Rumor: Windows 8 to use ARM CPUs, Smartphones
It's rumored that Windows 8 may be released in special editions suitable for devices like smartphones and iPad-like tablets. The buzz has caused concern at Intel, whose products are at the heart of most traditional Windows computers.
The change involves the processor's instruction set architecture, which is at the very core of a computer. As a very loose analogy, the difference between rival instruction set architectures is as fundamental as the difference between organizing words alphabetically in a dictionary and organizing them by meaning in a thesaurus.
Most Windows PCs use Intel x86
Most current PCs use an instruction set architecture known as x86, which ultimately derives from an Intel processor first released in the 1970s. Windows has traditionally only been available in formats compatible with the x86 system.
Intel has now told investors it has learned Microsoft will produce a separate range of versions of Windows 8 that will run on the rival ARM architecture. That's a comparatively simpler set-up that is better suited to low-power systems. The vast majority of portable devices, particularly cellphones, use an ARM-based chip.
ARM Processors not Backwards Compatible
According to Intel, there will have to be four completely separate "flavors" of Windows 8 to cope with different variants of ARM, unlike x86 where all versions are compatible with one another.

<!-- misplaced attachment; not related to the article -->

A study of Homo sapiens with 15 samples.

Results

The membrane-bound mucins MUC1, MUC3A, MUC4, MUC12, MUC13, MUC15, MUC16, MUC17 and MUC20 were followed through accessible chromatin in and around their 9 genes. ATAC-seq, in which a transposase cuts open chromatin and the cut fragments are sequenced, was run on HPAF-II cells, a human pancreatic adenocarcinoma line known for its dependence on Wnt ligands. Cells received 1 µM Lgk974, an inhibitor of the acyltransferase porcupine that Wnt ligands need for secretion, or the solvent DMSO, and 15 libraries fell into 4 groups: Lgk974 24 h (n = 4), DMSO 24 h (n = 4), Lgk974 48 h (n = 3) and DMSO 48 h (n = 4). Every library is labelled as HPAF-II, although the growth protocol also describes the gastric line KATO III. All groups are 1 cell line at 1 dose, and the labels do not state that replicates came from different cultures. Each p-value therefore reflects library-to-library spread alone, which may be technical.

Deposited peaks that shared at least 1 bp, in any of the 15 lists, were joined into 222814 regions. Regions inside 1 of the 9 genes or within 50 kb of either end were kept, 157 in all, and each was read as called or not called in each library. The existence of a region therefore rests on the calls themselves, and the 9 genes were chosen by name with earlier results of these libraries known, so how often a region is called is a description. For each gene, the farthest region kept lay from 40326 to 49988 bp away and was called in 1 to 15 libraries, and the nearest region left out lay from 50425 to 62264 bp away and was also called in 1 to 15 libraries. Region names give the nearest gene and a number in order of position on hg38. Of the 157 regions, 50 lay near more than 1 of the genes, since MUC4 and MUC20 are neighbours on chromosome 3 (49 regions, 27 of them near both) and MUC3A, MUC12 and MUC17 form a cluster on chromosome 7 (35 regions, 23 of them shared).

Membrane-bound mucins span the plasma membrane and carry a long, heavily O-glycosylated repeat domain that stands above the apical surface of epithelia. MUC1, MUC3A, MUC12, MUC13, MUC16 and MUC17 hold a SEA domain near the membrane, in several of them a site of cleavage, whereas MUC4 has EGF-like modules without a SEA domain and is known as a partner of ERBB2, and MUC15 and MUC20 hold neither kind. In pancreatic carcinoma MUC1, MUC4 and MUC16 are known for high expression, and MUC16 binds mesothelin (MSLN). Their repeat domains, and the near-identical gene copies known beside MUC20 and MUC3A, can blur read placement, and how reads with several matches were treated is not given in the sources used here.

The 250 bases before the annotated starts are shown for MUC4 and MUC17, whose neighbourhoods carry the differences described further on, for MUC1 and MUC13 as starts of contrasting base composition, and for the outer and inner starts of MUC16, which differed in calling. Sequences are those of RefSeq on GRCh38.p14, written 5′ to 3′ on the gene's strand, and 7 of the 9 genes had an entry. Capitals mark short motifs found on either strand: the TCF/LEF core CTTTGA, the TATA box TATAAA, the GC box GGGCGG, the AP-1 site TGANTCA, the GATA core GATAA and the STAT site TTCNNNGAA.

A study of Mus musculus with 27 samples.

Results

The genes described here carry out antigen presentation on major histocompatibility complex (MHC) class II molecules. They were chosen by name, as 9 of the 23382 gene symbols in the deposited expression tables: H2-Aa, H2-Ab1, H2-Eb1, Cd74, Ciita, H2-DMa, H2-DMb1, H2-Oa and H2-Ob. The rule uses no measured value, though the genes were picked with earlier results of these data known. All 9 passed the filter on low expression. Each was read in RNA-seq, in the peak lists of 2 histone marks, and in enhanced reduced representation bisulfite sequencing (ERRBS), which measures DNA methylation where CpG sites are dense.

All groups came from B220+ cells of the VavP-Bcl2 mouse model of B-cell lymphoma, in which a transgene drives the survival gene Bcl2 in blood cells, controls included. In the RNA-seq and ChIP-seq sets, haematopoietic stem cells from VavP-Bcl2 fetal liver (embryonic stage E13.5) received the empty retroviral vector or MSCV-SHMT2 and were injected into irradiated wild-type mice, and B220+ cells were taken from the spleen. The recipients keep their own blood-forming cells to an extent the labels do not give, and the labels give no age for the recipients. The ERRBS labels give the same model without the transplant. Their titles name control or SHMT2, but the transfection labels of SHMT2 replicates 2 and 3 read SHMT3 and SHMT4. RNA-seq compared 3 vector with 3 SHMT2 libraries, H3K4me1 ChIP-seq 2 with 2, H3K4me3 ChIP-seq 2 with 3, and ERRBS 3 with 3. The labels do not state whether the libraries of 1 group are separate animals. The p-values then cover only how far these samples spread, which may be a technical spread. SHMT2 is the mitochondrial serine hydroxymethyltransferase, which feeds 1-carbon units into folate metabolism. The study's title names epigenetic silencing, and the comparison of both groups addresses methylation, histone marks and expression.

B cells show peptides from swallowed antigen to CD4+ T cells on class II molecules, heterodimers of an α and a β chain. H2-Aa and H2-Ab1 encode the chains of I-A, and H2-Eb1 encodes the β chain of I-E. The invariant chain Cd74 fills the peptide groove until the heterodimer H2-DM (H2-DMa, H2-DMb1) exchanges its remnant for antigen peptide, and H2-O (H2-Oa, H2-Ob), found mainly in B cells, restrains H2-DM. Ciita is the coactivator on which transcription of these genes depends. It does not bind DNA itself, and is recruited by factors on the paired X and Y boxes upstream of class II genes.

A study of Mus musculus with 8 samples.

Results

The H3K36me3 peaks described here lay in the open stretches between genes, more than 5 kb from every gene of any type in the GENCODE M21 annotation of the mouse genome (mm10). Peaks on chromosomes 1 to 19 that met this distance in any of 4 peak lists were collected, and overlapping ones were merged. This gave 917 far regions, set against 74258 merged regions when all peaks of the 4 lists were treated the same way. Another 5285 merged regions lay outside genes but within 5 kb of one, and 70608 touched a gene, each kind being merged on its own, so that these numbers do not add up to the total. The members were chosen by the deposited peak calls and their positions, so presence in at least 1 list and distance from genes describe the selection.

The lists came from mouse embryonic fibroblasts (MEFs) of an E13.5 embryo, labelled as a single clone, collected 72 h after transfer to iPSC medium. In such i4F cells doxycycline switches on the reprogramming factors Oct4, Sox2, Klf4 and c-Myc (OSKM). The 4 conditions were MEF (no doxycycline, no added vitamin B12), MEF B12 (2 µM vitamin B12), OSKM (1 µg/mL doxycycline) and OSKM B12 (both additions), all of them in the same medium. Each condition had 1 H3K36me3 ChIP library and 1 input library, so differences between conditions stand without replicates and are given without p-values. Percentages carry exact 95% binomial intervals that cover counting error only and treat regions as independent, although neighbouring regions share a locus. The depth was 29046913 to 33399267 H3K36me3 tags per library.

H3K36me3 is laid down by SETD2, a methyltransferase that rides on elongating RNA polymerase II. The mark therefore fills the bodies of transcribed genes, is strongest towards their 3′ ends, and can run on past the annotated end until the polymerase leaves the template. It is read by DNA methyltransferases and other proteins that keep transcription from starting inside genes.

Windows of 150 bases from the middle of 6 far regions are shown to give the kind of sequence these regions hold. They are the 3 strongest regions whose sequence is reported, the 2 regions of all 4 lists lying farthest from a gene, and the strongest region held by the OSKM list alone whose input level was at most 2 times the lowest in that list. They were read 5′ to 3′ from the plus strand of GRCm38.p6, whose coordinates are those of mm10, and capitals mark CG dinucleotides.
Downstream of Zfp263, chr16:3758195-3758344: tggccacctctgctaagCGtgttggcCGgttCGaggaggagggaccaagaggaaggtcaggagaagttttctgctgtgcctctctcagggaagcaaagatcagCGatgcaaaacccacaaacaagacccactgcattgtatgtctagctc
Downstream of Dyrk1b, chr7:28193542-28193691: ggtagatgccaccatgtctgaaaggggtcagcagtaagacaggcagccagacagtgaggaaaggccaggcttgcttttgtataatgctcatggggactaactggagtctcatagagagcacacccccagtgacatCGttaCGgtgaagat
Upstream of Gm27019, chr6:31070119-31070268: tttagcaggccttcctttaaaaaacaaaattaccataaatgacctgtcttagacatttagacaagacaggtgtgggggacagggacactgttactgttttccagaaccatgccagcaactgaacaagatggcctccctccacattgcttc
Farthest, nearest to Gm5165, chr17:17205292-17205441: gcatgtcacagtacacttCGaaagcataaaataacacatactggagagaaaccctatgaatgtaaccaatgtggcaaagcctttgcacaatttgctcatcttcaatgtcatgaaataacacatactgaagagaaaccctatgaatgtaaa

Intel also argues that it will be difficult if not impossible for ARM editions of Windows 8 to support software designed for older editions, meaning it could be unsuitable for business use. (Source: theregister.co.uk)
Microsoft: Intel Statements Inaccurate
It should be noted that Microsoft has described Intel's statements as "factually inaccurate and unfortunately misleading."
Microsoft isn't willing to go into further details at this stage, however, other than to reiterate that its plans to pair up Windows with ARM systems are "at the technology demonstration stage." (Source: pcworld.com)
Windows ARM: Too Little, Too Late?
What this means for Windows on portable devices is hard to predict.
In theory, it could mean that smartphones and tablets run what, in terms of the user experience, is a full-fledged version of Windows with the technical differences being entirely behind-the-scenes. That could help make up for the disappointing reception of the Windows Phone 7 series and the modified versions of Windows 7 currently running on some tablets.
The danger, though, is that the move may be coming too late, with the rise of the iPad and the forthcoming Google Chrome operating system (OS) suggesting many users may be able to work mainly from online applications, with less need for a full-blown operating systems, such as Windows.